The EU`s Generalized System of Preferences (GSP) agreements are trade measures that aim to promote sustainable development and reduce poverty in developing countries. This system provides preferential tariffs to eligible developing countries and territories, allowing them to export their goods to the EU market at lower rates.
The GSP agreements were first introduced by the EU in 1971 and have undergone several revisions since then. The current GSP scheme, known as the GSP+ system, was launched in 2014 and offers additional incentives to countries that implement international conventions on human rights, labor rights, environmental protection, and good governance.
Under the GSP+ system, eligible countries can benefit from zero duties on over 6,200 products exported to the EU. To qualify for GSP+ status, countries must agree to implement 27 international conventions, including core labor standards and environmental agreements. The GSP+ scheme is aimed at encouraging sustainable development and improving the governance of beneficiary countries.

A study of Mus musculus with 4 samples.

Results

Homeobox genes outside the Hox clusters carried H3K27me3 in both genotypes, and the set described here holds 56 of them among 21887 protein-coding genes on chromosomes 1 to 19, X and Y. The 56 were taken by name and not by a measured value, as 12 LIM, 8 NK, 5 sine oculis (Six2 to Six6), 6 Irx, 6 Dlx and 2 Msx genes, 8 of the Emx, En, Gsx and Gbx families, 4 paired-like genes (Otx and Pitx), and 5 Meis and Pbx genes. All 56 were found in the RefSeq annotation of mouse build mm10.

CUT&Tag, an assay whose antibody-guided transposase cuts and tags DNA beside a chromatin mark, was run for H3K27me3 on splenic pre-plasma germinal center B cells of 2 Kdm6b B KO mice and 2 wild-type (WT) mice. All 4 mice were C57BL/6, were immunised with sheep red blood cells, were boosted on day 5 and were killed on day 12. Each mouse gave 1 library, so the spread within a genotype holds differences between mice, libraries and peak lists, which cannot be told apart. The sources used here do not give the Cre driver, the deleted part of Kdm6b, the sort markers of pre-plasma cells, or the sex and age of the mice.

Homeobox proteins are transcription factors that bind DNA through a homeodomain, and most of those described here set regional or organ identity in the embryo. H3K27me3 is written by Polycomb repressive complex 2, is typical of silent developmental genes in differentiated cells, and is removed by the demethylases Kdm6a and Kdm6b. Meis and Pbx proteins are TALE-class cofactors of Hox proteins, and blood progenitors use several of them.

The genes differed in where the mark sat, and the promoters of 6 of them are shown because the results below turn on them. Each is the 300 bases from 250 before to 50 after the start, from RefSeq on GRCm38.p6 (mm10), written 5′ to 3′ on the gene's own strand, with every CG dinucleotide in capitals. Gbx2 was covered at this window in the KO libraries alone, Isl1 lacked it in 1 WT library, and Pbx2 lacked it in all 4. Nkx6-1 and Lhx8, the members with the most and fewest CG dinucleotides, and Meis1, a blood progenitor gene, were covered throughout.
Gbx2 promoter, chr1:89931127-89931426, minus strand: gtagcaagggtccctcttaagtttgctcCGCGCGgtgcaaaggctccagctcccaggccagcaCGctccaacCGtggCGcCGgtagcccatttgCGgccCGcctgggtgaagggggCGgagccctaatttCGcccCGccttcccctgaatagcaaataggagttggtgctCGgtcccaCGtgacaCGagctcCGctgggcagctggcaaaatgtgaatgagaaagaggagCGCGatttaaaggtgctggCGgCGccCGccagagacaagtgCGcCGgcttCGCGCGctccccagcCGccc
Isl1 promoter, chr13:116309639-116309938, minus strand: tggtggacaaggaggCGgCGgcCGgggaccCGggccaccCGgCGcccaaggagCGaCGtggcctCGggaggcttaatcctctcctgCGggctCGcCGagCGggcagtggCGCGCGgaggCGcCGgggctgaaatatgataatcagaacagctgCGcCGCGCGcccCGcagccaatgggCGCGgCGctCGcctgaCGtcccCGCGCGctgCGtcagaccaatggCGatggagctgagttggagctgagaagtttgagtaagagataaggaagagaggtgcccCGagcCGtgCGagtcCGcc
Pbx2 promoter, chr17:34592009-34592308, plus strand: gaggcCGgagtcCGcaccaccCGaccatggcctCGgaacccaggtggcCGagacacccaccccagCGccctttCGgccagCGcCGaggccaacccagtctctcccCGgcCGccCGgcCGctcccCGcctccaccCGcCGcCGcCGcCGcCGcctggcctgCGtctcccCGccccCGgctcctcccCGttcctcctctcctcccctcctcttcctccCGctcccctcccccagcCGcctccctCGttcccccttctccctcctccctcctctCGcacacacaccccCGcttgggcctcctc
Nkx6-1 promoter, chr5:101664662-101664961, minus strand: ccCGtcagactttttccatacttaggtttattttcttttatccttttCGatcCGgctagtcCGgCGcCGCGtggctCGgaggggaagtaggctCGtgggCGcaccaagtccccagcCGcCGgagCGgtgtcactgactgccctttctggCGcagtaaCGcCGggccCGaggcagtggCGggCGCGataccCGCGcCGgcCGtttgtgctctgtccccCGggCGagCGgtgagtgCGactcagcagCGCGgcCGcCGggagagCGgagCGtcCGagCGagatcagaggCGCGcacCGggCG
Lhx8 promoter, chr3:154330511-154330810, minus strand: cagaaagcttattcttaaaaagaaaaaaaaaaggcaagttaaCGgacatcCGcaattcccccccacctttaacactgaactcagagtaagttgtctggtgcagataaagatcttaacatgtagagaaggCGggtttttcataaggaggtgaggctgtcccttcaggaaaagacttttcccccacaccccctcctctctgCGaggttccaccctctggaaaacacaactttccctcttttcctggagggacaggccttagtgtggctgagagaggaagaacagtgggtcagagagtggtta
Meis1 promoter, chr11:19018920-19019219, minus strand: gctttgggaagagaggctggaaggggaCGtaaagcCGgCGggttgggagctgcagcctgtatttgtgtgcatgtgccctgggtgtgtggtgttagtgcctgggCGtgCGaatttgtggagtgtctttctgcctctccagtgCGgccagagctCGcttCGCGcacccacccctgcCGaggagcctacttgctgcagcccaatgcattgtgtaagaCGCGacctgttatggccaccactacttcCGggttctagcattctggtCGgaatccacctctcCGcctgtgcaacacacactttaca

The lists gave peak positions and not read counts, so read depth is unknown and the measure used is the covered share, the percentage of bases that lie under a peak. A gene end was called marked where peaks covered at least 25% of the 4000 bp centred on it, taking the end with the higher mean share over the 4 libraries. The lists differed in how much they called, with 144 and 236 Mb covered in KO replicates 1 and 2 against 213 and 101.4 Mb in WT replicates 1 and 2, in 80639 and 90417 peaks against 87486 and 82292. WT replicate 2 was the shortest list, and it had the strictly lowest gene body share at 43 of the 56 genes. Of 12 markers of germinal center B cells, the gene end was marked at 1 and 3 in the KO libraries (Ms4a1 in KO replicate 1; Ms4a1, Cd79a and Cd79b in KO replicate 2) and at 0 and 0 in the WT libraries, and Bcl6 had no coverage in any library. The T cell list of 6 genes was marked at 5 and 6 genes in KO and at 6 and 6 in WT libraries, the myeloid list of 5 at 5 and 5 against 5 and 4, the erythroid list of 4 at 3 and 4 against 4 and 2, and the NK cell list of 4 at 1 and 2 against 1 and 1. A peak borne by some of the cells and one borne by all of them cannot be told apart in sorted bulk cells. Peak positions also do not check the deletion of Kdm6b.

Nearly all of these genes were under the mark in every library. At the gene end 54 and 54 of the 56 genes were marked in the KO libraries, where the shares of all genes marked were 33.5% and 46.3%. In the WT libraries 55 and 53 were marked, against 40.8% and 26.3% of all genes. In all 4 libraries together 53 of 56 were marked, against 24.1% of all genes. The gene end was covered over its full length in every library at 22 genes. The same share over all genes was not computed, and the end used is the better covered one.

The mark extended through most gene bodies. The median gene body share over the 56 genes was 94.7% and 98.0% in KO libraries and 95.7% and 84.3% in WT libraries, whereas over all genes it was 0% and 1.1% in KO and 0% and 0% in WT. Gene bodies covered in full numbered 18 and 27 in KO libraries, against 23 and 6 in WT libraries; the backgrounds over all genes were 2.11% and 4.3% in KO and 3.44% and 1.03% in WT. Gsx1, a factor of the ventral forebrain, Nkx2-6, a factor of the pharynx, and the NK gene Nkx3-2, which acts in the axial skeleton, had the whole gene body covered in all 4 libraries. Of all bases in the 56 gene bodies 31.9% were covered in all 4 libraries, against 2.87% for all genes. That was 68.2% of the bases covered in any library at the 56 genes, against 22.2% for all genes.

Some of the countries currently benefiting from the GSP+ system include Armenia, Bolivia, Cape Verde, Georgia, Mongolia, Pakistan, Paraguay, the Philippines, and Ukraine. These countries have to achieve and maintain high standards in the areas covered by the conventions to keep their GSP+ status.
Apart from the GSP+ scheme, the EU also has a standard GSP scheme that offers preferential tariffs to more than 100 developing countries and territories. The standard GSP scheme covers a wide range of products, including agricultural goods, textiles, and footwear.
Overall, the EU`s GSP agreements have been instrumental in promoting sustainable development and poverty reduction in developing countries. These measures provide a valuable opportunity for eligible countries to access the EU market and benefit from lower tariffs, thereby boosting their economies and improving the livelihoods of their citizens.